It’s time again for our annual roundup. In many ways, 2013 was a year of endings and beginnings for this blog. So, since I like marking boundaries and naming things, I am going to name the relatively self-contained 2007-2012 period The Rust Age and notionally classify it as history. Starting with 2013, we are in the as-yet-unnamed post-Gervais-Principle second age of Ribbonfarm.
New readers interested in history can dive into the past via that link, which has past annual roundups, curated selections and a map of historical interest. Those uninterested in the past can safely join the party starting with this 2013 roundup. I’ll be making a serious effort to limit my use of back-linked references to pre-2013 material, going forward. The past will of course, continue to haunt the present in unexpected ways, but I’ll try to let sleeping ghosts lie.
Now for the roundup, starting with the 21 resident/guest posts, followed by the 24 posts by me, and some commentary.
Resident Blogger Posts
Ribbonfarm hosted three resident bloggers in 2013, each of whom wrote a sequence of posts on a broad theme. You should add their blogs to your reading list if you want to keep up with their ongoing work. Maybe we’ll have them back for a second residency in a couple of years.
From Drew Austin of Kneeling Bus, we had the Metropolitan Vapors residency byline: a set of posts exploring urbanism themes.
- Navigating the Holey Plane
- Machine Cities and Ghost Cities
- The Wave of Unknowing
- Civilization and the War on Entropy
- Freedom in Smooth Space
- The Networked Narrative
- The New Human Wilderness
Fro Kevin Simler of Melting Asphalt, we had the Biology of Human Behavior byline: a set of posts exploring various aspects of human behavior from unexpected perspectives. Kevin has one post left to go in the series, which will be published in January.
- Anthropology of Mid-Sized Startups
- Honesty and the Human Body
- The Economics of Social Status
- Consciousness: An Outside View
- Projected Presence
- UX and the Civilizing Process
And from Mike Travers of Omniorthogonal, we had the First-Person Plural byline: a set of posts exploring various aspects of the idea of agency.
- Patterns of Refactored Agency
- Solidarity and Recursion
- So I Shall be Written, So I Shall be Performed
- War and Nonhuman Agency
- I and Thou and Life in Aspergerstan
- The Government Within
- Morality for Exploded Minds
Finally, there was one one-of guest post this year: Sam Bhagwat’s Algorithmic Governance and the Ghost in the Machine. Sam will be one of our residents in 2014. Look out for further details in January.
I had 24 posts of my own in 2013.
- A Beginner’s Guide to Immortality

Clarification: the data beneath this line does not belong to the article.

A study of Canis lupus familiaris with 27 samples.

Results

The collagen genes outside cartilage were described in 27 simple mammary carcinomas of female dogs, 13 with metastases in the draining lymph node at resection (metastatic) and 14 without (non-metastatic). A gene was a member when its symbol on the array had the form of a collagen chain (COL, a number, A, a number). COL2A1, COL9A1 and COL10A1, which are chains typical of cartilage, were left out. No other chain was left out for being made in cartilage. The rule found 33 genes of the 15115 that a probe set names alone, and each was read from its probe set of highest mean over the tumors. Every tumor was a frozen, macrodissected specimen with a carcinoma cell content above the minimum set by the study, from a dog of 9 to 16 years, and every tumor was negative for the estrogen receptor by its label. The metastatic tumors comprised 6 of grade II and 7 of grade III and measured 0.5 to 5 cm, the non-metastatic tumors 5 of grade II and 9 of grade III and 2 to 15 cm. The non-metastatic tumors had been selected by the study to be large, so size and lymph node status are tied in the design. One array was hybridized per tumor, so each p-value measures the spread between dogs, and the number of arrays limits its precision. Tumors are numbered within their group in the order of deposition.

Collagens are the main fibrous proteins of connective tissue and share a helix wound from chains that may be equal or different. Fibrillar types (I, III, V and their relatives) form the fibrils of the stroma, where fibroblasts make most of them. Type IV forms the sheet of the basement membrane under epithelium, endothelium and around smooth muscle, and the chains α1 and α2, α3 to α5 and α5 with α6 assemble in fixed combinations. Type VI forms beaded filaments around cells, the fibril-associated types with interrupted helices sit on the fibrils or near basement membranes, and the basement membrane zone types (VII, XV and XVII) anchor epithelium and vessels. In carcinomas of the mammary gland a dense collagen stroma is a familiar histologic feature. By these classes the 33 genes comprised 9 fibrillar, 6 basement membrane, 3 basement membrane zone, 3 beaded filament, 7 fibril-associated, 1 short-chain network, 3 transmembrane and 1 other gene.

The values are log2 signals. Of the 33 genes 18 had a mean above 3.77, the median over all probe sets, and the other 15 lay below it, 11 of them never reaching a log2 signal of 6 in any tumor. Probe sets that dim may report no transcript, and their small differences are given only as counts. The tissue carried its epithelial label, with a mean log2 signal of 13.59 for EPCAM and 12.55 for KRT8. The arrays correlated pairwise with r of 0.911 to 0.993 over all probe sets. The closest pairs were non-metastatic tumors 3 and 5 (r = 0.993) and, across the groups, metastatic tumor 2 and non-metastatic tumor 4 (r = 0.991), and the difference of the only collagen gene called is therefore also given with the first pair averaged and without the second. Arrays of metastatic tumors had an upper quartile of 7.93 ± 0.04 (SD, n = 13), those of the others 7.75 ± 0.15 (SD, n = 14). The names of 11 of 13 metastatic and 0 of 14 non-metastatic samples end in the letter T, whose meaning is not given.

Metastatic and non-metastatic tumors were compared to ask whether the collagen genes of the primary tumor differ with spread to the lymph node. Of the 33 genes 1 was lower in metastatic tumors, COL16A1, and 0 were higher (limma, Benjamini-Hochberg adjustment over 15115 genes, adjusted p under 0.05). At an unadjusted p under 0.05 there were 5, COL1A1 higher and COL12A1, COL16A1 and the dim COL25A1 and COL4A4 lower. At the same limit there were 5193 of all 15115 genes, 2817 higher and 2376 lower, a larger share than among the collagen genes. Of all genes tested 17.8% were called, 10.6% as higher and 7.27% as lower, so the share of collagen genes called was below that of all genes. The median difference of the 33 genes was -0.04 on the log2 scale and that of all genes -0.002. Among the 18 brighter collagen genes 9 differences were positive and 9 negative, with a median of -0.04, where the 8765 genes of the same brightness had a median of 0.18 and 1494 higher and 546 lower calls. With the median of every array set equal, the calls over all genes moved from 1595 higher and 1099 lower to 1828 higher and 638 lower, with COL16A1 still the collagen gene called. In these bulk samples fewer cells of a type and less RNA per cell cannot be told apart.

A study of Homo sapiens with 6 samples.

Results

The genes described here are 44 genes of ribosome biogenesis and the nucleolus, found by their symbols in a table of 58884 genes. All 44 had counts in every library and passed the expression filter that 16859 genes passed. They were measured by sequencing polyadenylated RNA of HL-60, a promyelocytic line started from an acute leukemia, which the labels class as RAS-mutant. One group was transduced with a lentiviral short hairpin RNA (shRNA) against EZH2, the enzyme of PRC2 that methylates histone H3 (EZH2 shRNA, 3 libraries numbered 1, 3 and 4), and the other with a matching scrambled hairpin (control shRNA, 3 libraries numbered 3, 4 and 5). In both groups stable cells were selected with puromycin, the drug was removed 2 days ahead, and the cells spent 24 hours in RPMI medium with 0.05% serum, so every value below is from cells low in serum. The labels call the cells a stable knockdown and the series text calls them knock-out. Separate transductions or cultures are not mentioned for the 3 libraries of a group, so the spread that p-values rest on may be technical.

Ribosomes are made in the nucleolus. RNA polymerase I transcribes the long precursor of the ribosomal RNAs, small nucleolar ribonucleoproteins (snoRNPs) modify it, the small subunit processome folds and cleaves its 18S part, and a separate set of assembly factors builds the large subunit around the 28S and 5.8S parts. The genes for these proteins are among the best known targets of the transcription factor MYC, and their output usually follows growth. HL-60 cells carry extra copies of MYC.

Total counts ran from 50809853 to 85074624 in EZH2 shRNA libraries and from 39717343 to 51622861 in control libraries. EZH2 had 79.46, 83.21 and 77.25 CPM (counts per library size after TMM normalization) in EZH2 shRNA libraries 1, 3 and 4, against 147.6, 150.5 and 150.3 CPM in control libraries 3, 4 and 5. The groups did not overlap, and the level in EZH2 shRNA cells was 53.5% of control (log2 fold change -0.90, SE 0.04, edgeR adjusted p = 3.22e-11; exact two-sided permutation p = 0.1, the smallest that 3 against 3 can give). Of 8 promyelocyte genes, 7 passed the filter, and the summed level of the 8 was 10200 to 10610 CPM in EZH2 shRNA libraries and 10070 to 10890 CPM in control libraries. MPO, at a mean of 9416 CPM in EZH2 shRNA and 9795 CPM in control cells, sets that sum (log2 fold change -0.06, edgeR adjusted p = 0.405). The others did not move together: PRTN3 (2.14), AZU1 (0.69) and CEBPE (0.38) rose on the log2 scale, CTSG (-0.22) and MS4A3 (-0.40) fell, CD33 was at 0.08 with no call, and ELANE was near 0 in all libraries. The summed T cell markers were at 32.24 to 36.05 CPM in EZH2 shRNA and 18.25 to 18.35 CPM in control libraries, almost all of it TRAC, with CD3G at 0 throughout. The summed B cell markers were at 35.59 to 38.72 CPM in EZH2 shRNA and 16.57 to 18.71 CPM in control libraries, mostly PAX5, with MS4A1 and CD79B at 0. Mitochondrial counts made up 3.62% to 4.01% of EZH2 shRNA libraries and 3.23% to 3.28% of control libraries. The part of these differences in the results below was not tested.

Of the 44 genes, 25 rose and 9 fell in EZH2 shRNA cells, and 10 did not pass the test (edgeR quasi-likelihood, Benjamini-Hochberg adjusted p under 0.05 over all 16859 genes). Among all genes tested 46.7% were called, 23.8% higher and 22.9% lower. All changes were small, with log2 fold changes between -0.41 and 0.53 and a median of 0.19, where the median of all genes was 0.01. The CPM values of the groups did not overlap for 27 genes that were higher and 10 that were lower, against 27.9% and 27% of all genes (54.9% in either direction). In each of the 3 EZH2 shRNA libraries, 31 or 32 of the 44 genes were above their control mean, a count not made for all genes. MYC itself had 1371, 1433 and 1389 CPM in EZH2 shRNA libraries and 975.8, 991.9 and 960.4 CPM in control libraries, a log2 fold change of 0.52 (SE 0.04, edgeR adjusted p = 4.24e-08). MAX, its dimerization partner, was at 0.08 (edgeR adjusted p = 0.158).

- The Locust Economy
- Social Dark Matter: On Seeing and Being Seen
- The Dead-Curious Cat and the Joyless Immortal
- Binoculars versus Cameras
- Adventures in Amateur Talking-Headery
- Stone-Soup for the Capitalist’s Soul
- Eternal Hypochondria of the Expanding Mind
- Schumpeter’s Demon
- The Gervais Principle VI: Children of an Absent God
- Aphorisms: Collection 1
- On the Unraveling of Scripts
- Players versus Spectators
- You Are Not an Artisan
- The Quality of Life
- On Freedomspotting
- An Archetypes Map
- The Exercise of Authoritah
- Truth in Consulting
- The Mother of All Disruptions
- On Lifestyle Rigidity
- On Staying Grounded
- The Gooseberry Fallacy
- Our Diurnal Civilization
- There were experiments with parables (#7, #9)
- Some big-picture cultural commentary (#2, #8, #14, #24)
- Some some navel-gazing (#6, #19).
- Isolated bits of tech-commentary (#3, #18, #20).
- The finale of the Gervais Principle, which led indirectly to…
- …a sequence of 9 posts on the nature of life scripts, individual liberty (#1, #4, #12, #13, #15, #16, #21, #22, #23).
In terms of popular hits, I think The Locust Economy (#2) and You Are Not an Artisan (#14) were the major hits of the year.
As another point of interest, though my own output went down from 30 to 24 posts, thanks to the residency experiment, the overall number of posts on the site rose from 34 in 2012 to 45 in 2013. Which is exactly the rebalancing I was hoping for.
The Year Ahead
The past year has been something of a significant reboot for me for several reasons, which is why I decided it would be useful to mark off a boundary and call the 2007-2012 period The Rust Age (why? why not?):
- The resident blogger experiment (which will continue in 2014)
- The completion of The Gervais Principle series (which defined the blog in its first half-decade)
- The evolution of off-blog experiments into a serious line of activity: two ebooks, experimental webinars, hangouts
- The cohering of Refactor Camp in its second year, thanks to repeat attendees and the emergence of a small community of online/offline activity around it, in the Bay Area and New York.
As a heads-up Refactor Camp 2014 will be held on March 1-2 at the Computer History Museum in Mountain View, CA. Mark your calendars if you plan to attend. Previous years’ attendees will get dibs, but I expect around 10-15 tickets will be left over for new attendees. Keep an eye out for the formal announcement in the next few weeks.
It isn’t quite clear yet what I’ll be trying out on this site in 2014. There will be a new cohort of resident bloggers for one thing. For my own writing, I am sort of in a clean-sheet mode, looking for new bunny trails. We’ll see where I end up. I will probably continue the off-blog experiments. Possibly another ebook or two from old material, maybe more experimental webinars/hangouts.
Suggestions and feedback welcome, as always.